The Chesapeake Bay Maritime Museum (CBMM) in St. Michaels, MD begins a new “This Old Chesapeake House” speaker series on January 30, with four more sessions scheduled for February 6, 12, 26, and March 7. City and country Colonial mansions, African-American churches, the historic architecture of St Michaels, and archaeological digs uncovering vanished communities are subjects for this five-part series. The public is invited, with advanced registration needed and seating limited.
Old houses are part of the character of the Chesapeake landscape and serve as a reminder of history’s role in our day-to-day lives. These five sessions explore the history, restoration, and ongoing preservation efforts of old houses—large and small, public and private—from throughout the Chesapeake Bay region.
On Thursday, January 30 from 10-11:30am, join Anne Arundel County’s archaeologist and historic preservationist Jane Cox as she discusses Anne Arundel County’s Lost Towns Project. The project has discovered and excavated more than a dozen 17th century house sites over the past 20 years. Cox will lead a virtual tour of the architecture of the region while weaving the compelling stories of those who built, worked, lived, and died in these simple wooden homes.
From 10-11:30am on Thursday, February 6, Historic Annapolis’ Senior Historian Glenn E. Campbell will explore the history and inhabitants of the William Paca House of Annapolis, from its construction by a young patriot who signed the Declaration of Independence to the 20th century, when it was part of Annapolis’s largest and finest hotel. Campbell will also discuss the process of restoring the Paca House and gardens to their original appearances, providing today’s visitors a glimpse of what life was like for the upper crust of 18th century society.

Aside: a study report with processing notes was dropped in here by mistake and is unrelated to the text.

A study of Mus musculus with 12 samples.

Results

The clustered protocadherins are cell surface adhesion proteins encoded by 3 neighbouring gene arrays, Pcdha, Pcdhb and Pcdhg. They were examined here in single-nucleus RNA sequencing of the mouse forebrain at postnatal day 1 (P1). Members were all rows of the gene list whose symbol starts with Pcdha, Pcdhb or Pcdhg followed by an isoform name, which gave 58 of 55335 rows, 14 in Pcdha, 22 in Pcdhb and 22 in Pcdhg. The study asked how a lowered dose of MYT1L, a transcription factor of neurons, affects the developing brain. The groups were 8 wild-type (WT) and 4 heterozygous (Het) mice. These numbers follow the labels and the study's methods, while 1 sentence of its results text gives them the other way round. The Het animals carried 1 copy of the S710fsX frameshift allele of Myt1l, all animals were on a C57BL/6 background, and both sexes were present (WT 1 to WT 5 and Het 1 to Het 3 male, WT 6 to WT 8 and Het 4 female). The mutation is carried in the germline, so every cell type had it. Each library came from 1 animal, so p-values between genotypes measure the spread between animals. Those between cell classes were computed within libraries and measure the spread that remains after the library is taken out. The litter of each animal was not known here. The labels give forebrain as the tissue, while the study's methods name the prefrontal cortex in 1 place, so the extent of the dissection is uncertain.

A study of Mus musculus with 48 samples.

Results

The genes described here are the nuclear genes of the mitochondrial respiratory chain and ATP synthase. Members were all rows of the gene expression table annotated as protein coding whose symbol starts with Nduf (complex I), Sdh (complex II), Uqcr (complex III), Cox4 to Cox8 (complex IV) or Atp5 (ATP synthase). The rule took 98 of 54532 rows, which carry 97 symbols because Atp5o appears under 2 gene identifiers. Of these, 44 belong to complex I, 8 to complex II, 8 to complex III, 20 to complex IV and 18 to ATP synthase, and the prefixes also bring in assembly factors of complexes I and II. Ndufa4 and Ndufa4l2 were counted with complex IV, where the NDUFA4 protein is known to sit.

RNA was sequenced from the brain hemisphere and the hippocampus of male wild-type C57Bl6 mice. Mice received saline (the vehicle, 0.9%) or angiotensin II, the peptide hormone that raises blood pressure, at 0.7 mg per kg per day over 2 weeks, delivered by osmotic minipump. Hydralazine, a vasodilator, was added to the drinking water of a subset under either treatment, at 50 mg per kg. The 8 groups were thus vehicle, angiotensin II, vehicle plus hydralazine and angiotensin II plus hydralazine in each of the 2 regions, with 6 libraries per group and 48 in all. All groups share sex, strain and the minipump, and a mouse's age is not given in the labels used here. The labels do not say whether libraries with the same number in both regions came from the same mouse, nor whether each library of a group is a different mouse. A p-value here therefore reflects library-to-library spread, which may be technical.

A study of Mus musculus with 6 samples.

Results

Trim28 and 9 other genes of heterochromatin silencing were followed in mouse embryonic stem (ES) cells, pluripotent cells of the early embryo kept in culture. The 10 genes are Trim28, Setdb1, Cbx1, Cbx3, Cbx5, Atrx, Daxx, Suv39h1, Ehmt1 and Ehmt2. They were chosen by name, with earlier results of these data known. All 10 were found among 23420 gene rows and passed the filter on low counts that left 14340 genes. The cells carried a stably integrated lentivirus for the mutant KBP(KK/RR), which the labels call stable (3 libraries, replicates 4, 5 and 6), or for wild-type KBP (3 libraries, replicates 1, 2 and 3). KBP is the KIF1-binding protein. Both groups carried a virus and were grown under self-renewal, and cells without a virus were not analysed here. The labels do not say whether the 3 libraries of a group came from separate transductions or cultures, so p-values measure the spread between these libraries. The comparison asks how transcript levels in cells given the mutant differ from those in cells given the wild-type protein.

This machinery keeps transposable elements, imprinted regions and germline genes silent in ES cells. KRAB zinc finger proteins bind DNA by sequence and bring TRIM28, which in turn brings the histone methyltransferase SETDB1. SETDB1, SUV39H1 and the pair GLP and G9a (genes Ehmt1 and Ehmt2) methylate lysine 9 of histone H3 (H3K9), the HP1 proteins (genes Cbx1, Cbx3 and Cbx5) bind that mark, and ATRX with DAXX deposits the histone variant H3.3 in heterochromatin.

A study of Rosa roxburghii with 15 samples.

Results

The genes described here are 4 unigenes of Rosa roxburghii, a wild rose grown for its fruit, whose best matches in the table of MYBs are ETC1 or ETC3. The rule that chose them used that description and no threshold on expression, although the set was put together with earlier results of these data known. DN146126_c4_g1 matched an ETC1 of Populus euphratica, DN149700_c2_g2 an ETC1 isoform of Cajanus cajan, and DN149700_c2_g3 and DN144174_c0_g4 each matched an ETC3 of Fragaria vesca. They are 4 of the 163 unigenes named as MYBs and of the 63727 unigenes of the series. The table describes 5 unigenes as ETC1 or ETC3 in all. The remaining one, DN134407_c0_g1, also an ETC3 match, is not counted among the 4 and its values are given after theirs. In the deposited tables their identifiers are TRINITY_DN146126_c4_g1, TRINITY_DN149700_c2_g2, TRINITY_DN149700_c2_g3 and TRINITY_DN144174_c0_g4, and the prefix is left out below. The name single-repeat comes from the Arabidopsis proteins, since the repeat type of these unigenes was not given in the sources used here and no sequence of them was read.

The next session is on Wednesday, February 12 from 10-11:30am and brings Historic Sotterley Plantation’s Education Director Jeanne Pirtle to CBMM to discuss the evolution of Sotterley’s 300 year-old plantation house and the stories of the people who owned, lived, and worked to support it. Pirtle will explore Sotterley’s history as one of the largest tobacco plantations in 18th century Maryland, the impact on the plantation during the War of 1812 when most of its enslaved population ran away to join the British, and its transformation from a Confederate’s refuge to modern house museum.
On Wednesday, February 26 at 10am-11:30am, join Morgan State University Professor Dale Glenwood Green as he discusses “A Home to Heroes / Houses of Worship: The Buffalo Soldier House, Asbury & Bethel Churches on The Hill.” Green will explore The Hill Community Project in Easton, Maryland, which historians and archaeologists believe could be the oldest United States community of free persons of color still in existence.
The final “This Old Chesapeake House” session will take place on Friday, March 7, at 10am- 11:30am, where participants will meet at the Chesapeake Bay Maritime Museum for a maritime walking tour of historic St Michaels, led by CBMM’s Curator and St. Michaels Historic District Commissioner Pete Lesher. Lesher will make the houses of St. Michaels “talk,” sharing the stories of the town’s shipbuilding past where privateers and schooners were constructed, to its bustling heyday as a town built on the Chesapeake’s oyster and crab industries.
The cost for individual sessions is $10 for CBMM members and $15 for non-members, or you can register for all five sessions at $45 for CBMM members and $70 for non-members by calling Helen Van Fleet at 410-745-4941. For more information, visit www.cbmm.org or call 410-745-2916.